Prince Harry was plunged into a fresh controversy after pictures of him crouched over the body of a water buffalo he had just shot on a big game hunt were published in the British papers today. He appears to have been 'blooded' on the right cheek, a tradition where blood of a species shot for the first time by a hunter is smeared on their face.
The shocking picture, which was taken in 2004, has been circulating among anti-bloodsports and anti-royal campaigners for several years, but has never been published in the UK media before.
However it has now come back to haunt Prince Harry just days after he appeared alongside his brother Prince William last week at a conference dedicated to halting poaching and the illegal wildlife trade.
Water buffalo are not a protected species in South America, where the picture was taken, and the big game hunt was entirely legal. However that is unlikely to count for much in the court of public opinion, where Harry and William are also under pressure for participating in a wild boar hunt in Spain the weekend before their new wildlife appeal was launched.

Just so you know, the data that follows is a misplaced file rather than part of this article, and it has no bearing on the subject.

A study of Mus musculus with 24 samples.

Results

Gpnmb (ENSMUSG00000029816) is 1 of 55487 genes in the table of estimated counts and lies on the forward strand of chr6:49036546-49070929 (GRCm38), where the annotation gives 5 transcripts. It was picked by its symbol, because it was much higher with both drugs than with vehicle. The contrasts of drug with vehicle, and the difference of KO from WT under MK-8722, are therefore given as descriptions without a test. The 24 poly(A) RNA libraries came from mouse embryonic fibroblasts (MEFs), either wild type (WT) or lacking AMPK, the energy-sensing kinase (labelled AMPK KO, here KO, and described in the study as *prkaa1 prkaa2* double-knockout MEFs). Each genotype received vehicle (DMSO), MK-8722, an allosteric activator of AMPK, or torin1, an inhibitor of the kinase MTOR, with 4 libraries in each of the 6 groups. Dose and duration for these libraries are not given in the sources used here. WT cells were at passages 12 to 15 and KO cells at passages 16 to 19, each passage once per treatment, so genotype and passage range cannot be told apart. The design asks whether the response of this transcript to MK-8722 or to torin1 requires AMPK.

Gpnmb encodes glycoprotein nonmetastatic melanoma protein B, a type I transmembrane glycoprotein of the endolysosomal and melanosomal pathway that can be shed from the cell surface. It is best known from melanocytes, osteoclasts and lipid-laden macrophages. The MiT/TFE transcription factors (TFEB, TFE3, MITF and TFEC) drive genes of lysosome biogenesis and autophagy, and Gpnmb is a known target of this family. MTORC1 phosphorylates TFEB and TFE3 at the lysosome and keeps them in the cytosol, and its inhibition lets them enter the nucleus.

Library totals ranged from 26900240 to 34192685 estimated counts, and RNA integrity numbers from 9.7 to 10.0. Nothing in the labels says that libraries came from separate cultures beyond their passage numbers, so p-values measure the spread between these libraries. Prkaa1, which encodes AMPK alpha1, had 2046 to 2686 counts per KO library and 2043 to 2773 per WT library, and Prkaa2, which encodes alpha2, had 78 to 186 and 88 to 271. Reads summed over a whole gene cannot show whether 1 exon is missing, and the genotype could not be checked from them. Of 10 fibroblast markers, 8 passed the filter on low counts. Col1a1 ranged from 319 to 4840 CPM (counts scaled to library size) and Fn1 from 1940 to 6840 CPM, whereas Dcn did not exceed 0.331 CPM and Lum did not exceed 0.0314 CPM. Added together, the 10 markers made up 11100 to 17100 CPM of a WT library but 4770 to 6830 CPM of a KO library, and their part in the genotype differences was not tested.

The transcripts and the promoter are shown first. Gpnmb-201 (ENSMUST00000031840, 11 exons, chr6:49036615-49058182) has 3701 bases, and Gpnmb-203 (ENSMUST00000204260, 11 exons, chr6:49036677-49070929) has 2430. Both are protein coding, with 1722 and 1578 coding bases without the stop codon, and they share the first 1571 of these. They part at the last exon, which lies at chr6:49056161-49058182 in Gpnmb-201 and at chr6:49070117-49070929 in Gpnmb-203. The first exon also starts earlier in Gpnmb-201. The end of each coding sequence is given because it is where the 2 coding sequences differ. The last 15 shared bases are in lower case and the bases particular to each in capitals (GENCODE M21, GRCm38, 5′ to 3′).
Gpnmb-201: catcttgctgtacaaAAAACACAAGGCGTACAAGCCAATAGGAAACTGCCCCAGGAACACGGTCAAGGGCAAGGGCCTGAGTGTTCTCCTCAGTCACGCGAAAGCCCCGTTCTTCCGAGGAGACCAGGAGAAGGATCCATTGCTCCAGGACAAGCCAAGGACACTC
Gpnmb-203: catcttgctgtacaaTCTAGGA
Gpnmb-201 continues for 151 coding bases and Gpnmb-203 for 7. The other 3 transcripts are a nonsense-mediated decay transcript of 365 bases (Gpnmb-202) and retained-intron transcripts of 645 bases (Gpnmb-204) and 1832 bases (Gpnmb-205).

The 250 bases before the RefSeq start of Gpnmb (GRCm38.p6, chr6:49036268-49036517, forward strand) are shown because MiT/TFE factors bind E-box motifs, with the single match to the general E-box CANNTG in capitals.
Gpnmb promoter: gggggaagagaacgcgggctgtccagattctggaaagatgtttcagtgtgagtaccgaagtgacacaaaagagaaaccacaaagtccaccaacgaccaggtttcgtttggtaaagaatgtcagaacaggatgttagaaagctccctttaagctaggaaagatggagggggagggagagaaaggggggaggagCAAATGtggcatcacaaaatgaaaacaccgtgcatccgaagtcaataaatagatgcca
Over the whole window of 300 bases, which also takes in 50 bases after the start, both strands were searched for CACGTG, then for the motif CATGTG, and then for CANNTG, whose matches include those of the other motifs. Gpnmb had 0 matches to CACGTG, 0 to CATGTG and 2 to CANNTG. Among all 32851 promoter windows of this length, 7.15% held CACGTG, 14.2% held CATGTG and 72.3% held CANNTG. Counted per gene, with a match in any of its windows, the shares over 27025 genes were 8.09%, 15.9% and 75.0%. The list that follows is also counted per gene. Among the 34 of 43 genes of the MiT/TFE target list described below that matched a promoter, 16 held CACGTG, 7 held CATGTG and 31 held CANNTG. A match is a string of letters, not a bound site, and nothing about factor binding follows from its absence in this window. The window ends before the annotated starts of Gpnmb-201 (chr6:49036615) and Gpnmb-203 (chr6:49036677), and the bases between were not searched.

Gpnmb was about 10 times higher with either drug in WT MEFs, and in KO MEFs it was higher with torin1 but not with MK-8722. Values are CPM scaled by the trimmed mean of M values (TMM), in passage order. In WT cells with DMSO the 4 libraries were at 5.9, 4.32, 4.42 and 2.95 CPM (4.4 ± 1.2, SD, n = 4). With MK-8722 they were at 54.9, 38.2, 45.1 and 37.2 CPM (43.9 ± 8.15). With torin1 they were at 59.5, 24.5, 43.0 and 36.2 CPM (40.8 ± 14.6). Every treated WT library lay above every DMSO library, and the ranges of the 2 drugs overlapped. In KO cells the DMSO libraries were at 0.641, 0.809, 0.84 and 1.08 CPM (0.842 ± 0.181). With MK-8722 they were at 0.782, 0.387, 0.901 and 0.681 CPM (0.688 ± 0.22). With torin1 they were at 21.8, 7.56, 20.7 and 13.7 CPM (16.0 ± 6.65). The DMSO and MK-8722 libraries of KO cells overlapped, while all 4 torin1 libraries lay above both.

The picture was taken when Harry was 20 and dating Chelsy Davy. He joined a legal expedition to hunt big game, staying at a private lodge in the province of Entre Rios in Argentina on a 170,000-acre ranch stocked with game.
The pictures were published the day after William sought to deflect further accusations of hypocrisy by telling a veteran conservationist he wants to strip all the ivory from Buckingham Palace and destroy it, according to areport in The Independent on Sunday.
Some 1,200 items containing ivory are listed in the royal collection, including a throne from India that incorporates elephant-ivory plaques. The move would seek to encourage other heads of states to give up their ivory stocks and collections.
But art critic Brian Sewell, a keen lover of elephants, said that destruction of art or crafts, was a "menacing response" to the problem of poaching.
"We have to recognise that [these items] exist. Ivory was a treasured material that was worked on by craftsmen of the highest order during the Renaissance …. It's pointless. I can't see the connection between saving elephants and destroying works of art made centuries ago."